8Dweb is simply placing Jacob's information here for the security of ALL HOSTING COMPANIES and CLIENTS. We make no warranty or provision
for this information and want to thank Jacob and InMotion Hosting for this information.

8Dweb has modified this article to provide the basics.


  1. If you suspect your site has been hacked - contact 8Dweb support IMMEDIATELY. There may be a small fee for our security services, but we will help you get your site back online as quickly as possible. Our first concern is your site security.
  3. PLEASE update your Wordpress Installation, Themes and Plugins to the Latest event IMMEDIATELY (8Dweb can do this if you purchase our WordPress Security Package)
  4. PLEASE remember that YOU are responsible to keep backups of your site and database. 8Dweb can help. You can use SiteWorx Control Panel to do a "partial backup" of web, mail, database or any combination - be SURE to download this. You can also hire us to setup our WordPress Security Package - we will scan and secure your site, install various plugins to secure and automatically backup your entire site on a daily basis. We will also install your WordPress site into our WP management system so that we can monitor it for updates and hack attempts

In this article I'm going to talk about how to lock down your WordPress admin login with some .htaccess rules to prevent unauthorized login attempts.

Limit WordPress admin login attempts

If your access has been restricted to your WordPress website, you can update your .htaccess file, to check for a valid referer, or to limit access to only your IP address.

Now follow the steps below to either limit login attempts to a proper referer, or IP address you've specified:

  1. Now depending on how many unique IP addresses you're connecting to your WordPress site from, you would want to employ some different .htaccessrules.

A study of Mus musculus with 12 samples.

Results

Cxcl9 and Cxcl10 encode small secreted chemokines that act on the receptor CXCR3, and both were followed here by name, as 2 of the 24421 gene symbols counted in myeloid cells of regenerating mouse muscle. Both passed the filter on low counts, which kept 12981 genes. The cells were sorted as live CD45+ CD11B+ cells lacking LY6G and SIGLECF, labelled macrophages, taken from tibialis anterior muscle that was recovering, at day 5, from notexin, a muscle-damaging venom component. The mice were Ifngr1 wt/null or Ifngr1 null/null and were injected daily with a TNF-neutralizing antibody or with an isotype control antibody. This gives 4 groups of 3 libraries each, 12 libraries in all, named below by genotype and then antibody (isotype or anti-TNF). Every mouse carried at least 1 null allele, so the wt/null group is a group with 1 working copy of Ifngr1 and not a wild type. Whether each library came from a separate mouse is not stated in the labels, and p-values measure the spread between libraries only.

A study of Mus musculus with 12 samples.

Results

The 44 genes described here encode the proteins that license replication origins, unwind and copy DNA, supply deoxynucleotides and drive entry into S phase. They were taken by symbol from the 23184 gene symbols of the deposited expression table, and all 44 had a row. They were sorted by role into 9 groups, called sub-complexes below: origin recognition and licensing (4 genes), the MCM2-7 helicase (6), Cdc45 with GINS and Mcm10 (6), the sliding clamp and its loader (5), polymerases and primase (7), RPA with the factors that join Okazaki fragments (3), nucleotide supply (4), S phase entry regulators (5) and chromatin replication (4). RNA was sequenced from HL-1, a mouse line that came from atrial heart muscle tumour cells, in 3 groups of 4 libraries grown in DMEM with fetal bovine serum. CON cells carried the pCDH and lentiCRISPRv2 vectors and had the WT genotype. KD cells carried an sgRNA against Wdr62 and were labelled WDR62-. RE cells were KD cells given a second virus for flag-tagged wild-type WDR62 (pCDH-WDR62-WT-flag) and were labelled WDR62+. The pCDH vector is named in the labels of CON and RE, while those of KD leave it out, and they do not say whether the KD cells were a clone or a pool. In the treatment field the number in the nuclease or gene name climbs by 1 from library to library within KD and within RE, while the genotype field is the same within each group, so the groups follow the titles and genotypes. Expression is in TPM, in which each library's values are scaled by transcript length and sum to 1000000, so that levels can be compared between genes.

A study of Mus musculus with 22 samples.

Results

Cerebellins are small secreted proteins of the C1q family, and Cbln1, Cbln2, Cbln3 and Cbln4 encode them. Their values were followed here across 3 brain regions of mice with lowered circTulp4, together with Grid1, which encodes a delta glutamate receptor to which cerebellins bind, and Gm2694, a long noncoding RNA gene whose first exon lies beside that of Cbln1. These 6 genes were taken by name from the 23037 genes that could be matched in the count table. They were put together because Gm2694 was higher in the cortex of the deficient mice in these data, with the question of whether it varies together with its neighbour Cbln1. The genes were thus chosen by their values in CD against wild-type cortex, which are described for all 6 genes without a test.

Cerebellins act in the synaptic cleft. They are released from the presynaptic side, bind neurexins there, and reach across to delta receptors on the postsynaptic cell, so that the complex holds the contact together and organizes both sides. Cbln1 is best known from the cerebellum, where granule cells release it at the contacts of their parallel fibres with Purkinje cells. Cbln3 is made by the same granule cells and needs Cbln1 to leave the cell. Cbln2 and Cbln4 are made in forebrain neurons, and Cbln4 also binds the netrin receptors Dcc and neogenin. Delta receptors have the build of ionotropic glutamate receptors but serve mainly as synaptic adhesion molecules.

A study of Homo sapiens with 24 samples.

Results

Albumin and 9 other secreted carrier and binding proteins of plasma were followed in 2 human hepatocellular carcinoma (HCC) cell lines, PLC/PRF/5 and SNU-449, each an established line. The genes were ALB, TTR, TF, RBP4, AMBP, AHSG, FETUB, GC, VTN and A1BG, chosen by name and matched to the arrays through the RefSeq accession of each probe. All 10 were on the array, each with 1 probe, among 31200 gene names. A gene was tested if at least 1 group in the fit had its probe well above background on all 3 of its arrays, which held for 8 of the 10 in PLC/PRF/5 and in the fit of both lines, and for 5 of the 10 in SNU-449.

We recommend using the referer method first, as we've been getting some reports that for some users, the IP address methods are still not allowing them access.

    Also please note that you will want to paste these .htaccess rules at the very top of your file above other rules for them to function properly.

    Dynamic IP address access, limit by referer (8Dweb - you must use a dynamic dns system for this method, but it IS effective - contact our support team for details)

    If your IP address changes, or you have a very large amount of possible IPs you're connecting from, you can protect your WordPress site by only allowing login requests coming directly from your domain name. Simply replace example\.com with your own domain name

    Currently the brute force attack that is taking place relies on sending direct POST requests right to your wp-login.php script. So requring that a POST request can only come from your domain name, ensures a normal human login attempt instead of an automated bot doing it.

    RewriteEngine on
    RewriteCond %{REQUEST_METHOD} POST
    RewriteCond %{HTTP_REFERER} !^http://(.*)?example\.com[NC]
    RewriteCond %{REQUEST_URI} ^(.*)?wp-login\.php(.*)$ [OR]
    RewriteCond %{REQUEST_URI} ^(.*)?wp-admin$
    RewriteRule ^(.*)$ - [F]

    Single IP address access

    To allow access from a single IP address, replace 123\.123\.123\.123 with your own IP address:

    RewriteEngine on
    RewriteCond %{REQUEST_URI} ^(.*)?wp-login\.php(.*)$ [OR]
    RewriteCond %{REQUEST_URI} ^(.*)?wp-admin$
    RewriteCond %{REMOTE_ADDR} !^123\.123\.123\.123$
    RewriteRule ^(.*)$ - [R=403,L]

    Multiple IP address access

    To allow access from multiple IP addresses, replace 123\.123\.123\.xxx with your own IP addresses:

    RewriteEngine on
    RewriteCond %{REQUEST_URI} ^(.*)?wp-login\.php(.*)$ [OR]
    RewriteCond %{REQUEST_URI} ^(.*)?wp-admin$
    RewriteCond %{REMOTE_ADDR} !^123\.123\.123\.121$
    RewriteCond %{REMOTE_ADDR} !^123\.123\.123\.122$
    RewriteCond %{REMOTE_ADDR} !^123\.123\.123\.123$
    RewriteRule ^(.*)$ - [R=403,L]

    Then click on Save at the top-right of the editor.

  2. Wait at least 15-20 minutes, and then try to login to your WordPress site again. Unfortunately even if you simply try to access the WordPress admin dashboard, still within the 15 minute window of a block, this could extend the block an additional 15 minutes, so it's important to wait for the previous block to expire before attempting to access your WordPress site again.